Beacon Power, like Solyndra a recipient of a federal loan guarantee under the DOE's renewable energy program, has declared bankruptcy, leaving taxpayers to pay the tab. But the firm is tiny. Bigger ones are out there.
Have American taxpayers just been saddled with another Solyndra?
Beacon Power Corp., a tiny renewable energy company that was a recipient of a $43 million loan guarantee backed by the Department of Energy, declared bankruptcy on Sunday, leaving taxpayers to cover the $39.1 million in loans the company has not yet repaid.
The figure pales in comparison with the unpaid balance of nearly $535 million left by Solyndra, the California solar startup that declared bankruptcy in September, but it hinted at the potential downside of the DOE’s loan guarantee program, through which other companies have received far larger amounts, even billions of dollars.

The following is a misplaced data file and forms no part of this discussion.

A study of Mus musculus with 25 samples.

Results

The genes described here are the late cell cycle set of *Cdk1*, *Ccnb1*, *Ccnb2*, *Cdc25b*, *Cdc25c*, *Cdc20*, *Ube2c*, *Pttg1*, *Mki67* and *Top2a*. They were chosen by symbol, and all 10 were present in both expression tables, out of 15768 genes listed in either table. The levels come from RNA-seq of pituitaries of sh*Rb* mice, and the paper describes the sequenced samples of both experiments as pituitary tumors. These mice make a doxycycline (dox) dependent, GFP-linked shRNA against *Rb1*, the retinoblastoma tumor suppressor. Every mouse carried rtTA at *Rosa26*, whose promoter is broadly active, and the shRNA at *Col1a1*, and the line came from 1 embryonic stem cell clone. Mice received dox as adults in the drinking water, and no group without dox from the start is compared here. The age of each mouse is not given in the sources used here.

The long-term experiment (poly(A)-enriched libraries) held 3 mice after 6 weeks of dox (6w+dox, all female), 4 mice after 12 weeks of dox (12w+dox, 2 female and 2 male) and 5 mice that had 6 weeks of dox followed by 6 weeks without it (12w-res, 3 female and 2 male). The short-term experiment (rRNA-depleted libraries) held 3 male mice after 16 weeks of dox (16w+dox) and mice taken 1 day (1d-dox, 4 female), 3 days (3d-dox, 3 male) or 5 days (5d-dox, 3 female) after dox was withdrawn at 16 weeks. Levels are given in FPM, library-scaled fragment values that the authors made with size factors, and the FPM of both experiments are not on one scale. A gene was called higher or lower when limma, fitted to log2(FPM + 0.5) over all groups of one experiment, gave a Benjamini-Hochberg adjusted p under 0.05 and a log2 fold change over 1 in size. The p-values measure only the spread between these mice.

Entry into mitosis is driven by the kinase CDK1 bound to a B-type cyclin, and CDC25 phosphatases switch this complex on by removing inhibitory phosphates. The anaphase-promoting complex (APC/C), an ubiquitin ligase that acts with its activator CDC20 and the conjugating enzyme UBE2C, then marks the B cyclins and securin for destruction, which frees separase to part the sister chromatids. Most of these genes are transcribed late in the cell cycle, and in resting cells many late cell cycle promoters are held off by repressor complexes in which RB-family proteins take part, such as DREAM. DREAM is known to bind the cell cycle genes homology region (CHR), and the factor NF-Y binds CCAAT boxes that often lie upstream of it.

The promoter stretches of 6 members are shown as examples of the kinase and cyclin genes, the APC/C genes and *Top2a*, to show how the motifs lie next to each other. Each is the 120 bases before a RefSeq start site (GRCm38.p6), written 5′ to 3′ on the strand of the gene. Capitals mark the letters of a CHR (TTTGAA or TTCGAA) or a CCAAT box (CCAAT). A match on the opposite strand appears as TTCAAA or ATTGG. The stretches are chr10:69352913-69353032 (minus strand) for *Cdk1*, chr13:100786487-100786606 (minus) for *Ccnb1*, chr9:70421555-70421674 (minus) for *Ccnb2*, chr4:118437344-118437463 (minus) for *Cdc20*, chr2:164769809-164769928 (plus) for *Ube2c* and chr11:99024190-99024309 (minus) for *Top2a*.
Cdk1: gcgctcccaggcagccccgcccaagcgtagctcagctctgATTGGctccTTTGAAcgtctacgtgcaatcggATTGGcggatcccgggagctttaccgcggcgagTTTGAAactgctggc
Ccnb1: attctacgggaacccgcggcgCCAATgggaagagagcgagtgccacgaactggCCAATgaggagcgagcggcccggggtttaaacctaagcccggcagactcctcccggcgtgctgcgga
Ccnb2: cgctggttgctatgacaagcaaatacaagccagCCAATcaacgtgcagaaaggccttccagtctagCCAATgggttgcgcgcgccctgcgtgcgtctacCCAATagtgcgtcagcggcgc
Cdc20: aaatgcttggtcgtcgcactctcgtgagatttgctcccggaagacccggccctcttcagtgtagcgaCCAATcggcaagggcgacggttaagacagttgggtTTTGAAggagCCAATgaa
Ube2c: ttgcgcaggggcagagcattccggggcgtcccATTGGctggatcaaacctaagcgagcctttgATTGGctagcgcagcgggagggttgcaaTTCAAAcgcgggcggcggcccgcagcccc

Creator of a novel, high-tech carbon-composite flywheel to store energy and help regulate fluctuations on the electric grid, Massachusetts-based Beacon Power used the federal loan guarantee and built a 20-megawatt flywheel energy storage facility in Stephenson, N.Y. Such storage systems, including grid-scale battery storage, hold promise because they can respond more quickly than power plants can to power fluctuations in the grid, including from the addition of wind and solar power plants.
But, as was the case with Solyndra, which developed the ability to manufacture solar power panels with a cheaper material than silicon only to see the worldwide price of silicon plummet, Beacon’s ingenuity was not enough to ensure its survival.